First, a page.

A Nebbiolo By Any Other Name

Would Taste Just As Delicious!

Nebbiolo grows in areas all around Piemonte, sometimes going by its local name, spanna.  It is also cultivated in Piemonte’s neighboring region to the east, Lombardia.  Valtellina is a growing zone in Lombardia, in the province of Sondrio, at the base of the Alps near the Italian/Swiss border.  In Valtellina, nebbiolo is called chiavennasca.

I have had the pleasure of meeting a few people from Valtellina.  They have all spoken with a transmittable calm, at low octaves,  soothing, and clear.  Do people who spend their time in a place of such supreme quiet speak more softly than others?  All the ways a place can shape a person…

Valtellina is positioned in a lateral way, its macroclimate protected by surrounding Alps which enable it to soak in loads of nourishing sunshine.  Perhaps you’ve skied its slopes?  Its terrain is steep and rocky.  Vineyard maintenance and harvest is completely done by real people with real hands.  Vines are planted in rows on terraces built long, long ago.  How cool to think about the people who, centuries before us, understood these altitudes and dreamed up a terraced viticultural system?  No big deal.  When you taste these handsome wines it is clear how long-lived and noble their efforts were.

Do you see Valtellina? It’s the skinny little orangish-red strip toward the center. Check out all the mini-mountain tips around it.

Valtellina primarily makes red wine.  Chiavennasca is the star of the show.  Local varieties such as Pugnola, Rossola, and Brugnola supplement.  Valtellina DOC must be made of 80% Chiavennasca and requires one year of aging.  Valtellina Superiore DOCG calls for 90% Chiavennasca and two years of aging, one being in wood.  Riservas have been aged for at least three years.

Grapes used for bottles labeled Valtellina Superiore DOCG must come from vineyards planted around of one of the zone’s four main villages: Inferno, Valgella, Grumello, and Sassella.  Each growing site  displays its own distinct personality,  my favorite being Sassella, a vineyard with such shallow stony soil that its vines are left to thrive  amidst rock.  The name Sassella comes from sasso, which translates to stone.

Who says you can’t get grow blood vine from a stone?  Never (ever, ever) say never.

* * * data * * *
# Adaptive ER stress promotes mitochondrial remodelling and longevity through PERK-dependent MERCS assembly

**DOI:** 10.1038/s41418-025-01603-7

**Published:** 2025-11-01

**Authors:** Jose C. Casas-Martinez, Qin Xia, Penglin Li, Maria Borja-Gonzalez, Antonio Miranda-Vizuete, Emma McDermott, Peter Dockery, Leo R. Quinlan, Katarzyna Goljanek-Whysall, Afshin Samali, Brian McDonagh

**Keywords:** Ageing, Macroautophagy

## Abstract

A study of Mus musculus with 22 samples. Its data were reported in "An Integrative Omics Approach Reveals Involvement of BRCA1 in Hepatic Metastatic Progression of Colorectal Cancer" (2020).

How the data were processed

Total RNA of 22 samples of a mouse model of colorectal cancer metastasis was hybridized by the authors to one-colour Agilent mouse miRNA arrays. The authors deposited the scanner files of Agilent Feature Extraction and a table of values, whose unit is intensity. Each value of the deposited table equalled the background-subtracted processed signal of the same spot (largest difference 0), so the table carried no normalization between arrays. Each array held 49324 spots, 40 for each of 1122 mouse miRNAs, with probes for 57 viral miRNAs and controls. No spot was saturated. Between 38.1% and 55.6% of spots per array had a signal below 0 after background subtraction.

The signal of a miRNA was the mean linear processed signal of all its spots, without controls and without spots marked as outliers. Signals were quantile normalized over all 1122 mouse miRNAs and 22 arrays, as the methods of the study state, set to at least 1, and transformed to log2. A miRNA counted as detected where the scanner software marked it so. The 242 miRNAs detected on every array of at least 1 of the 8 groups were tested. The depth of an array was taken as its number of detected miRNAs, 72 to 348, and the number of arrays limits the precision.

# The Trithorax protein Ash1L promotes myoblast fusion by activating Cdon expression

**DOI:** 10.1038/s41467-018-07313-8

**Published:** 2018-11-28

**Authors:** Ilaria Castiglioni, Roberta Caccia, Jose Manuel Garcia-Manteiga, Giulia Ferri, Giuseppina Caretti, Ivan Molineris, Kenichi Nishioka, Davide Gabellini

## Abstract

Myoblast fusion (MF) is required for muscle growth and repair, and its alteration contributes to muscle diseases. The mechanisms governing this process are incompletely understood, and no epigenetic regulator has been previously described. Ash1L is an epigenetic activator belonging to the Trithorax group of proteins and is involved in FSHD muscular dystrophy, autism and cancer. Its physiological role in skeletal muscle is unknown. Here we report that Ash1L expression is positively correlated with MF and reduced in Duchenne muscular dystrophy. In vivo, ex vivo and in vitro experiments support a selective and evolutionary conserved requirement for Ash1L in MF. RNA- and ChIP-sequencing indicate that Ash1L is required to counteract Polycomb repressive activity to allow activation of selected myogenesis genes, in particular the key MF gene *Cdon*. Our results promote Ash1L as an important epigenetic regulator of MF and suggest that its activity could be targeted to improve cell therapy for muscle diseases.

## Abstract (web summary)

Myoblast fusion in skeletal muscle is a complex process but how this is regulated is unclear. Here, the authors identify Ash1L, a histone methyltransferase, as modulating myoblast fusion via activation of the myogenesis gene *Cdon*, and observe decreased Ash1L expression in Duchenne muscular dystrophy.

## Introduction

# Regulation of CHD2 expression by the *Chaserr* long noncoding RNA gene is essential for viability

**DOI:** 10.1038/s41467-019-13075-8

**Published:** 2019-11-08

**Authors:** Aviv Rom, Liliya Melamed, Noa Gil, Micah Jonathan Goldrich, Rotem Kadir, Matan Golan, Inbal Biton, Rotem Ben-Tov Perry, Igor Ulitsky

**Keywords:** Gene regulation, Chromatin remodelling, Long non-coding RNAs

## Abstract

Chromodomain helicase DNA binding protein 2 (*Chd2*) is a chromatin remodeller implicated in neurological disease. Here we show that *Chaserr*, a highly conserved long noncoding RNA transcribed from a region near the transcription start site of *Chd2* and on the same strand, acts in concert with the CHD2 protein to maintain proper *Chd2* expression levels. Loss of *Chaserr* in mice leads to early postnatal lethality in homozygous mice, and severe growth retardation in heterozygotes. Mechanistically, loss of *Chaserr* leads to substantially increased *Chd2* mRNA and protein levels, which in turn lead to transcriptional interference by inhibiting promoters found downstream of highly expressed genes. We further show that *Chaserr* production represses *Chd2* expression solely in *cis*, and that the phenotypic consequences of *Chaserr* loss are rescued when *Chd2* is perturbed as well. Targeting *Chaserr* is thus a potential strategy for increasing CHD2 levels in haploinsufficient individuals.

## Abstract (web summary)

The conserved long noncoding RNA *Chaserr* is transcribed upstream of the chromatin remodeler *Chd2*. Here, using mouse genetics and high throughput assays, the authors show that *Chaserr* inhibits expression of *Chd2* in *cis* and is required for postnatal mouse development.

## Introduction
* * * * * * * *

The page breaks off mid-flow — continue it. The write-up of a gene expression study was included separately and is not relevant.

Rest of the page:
Some of the ARPEPE line. Find them at Flatiron Wines, 929 Broadway, New Yawk, New Yawk.

I have only tasted among the lines of a handful or so of Valtellina producers and I don’t have the most discerning palate when it comes to wines or regions that I’m admittedly gaga for.  This won’t stop me from saying that I have been impressed by every single thing from every producer.  You can’t go too wrong with this stuff.

The wines of Sandro Fay are clean yet bold.  Nino Negri, maybe the most well-known producer in the Valtellina, a Wine Spectator darling, sets a high standard.  ARPEPE, who produces the bottles pictured above, makes a very pretty Valtellina Rosso- poignant and lithe.

And then there is Conti Sertoli Salis, my gateway Valtellina producer.  The Salis family was among the very first producers to bottle their wine in the kingdom of Italy.  Back in the day wine was locally made to be locally consumed.  Simple as that.  It was an act of quality and ambition to bottle and share wine outside of one’s own region.  I came to experience the entire Sertoli Salis line when I was working for Domenico Valentino (its importer), and believe that their wines, and the history of their land and facilites have so much to offer.  In addition to their venerable reds, a sort of fun thing that they produce is Chiavennasca vinified as a white- a wine in which a healthy dose of the grape’s structure and minerality shine though…crystal clear.

Source: vinosite.com

Valtellina makes a second DOCG wine, Sforzato di Valtellina, a passito style (following harvest, grapes are dried out on racks, or mantavola, for 4-5 months) that is a heavenly combination of body, flavor complexity, and heartbreaking acidity.  A sforzato’s alcohol must be at least 14.5%.

It was explained to me once that sforzato is a vino da meditazione.  Meditazione does not exactly translate to our traditional idea of  meditation, but with a wine of such soul it can encompass, in whatever environment it is consumed, a contemplative state of mind- the ceasing of hurry, meandering thoughts, concentration on breath, immediate sights, sensations, company with your nearest and dearest.  Sip it when you feel quiet, when you want to gift yourself with a cup of peace.  I tell you, the depth of a wine like Sforzato might inspire a dose of insight, or perhaps some necessary nothingness….

Source: vinonyc.wordpress.com

Also…by the way—> I think this wall decorating idea is so great.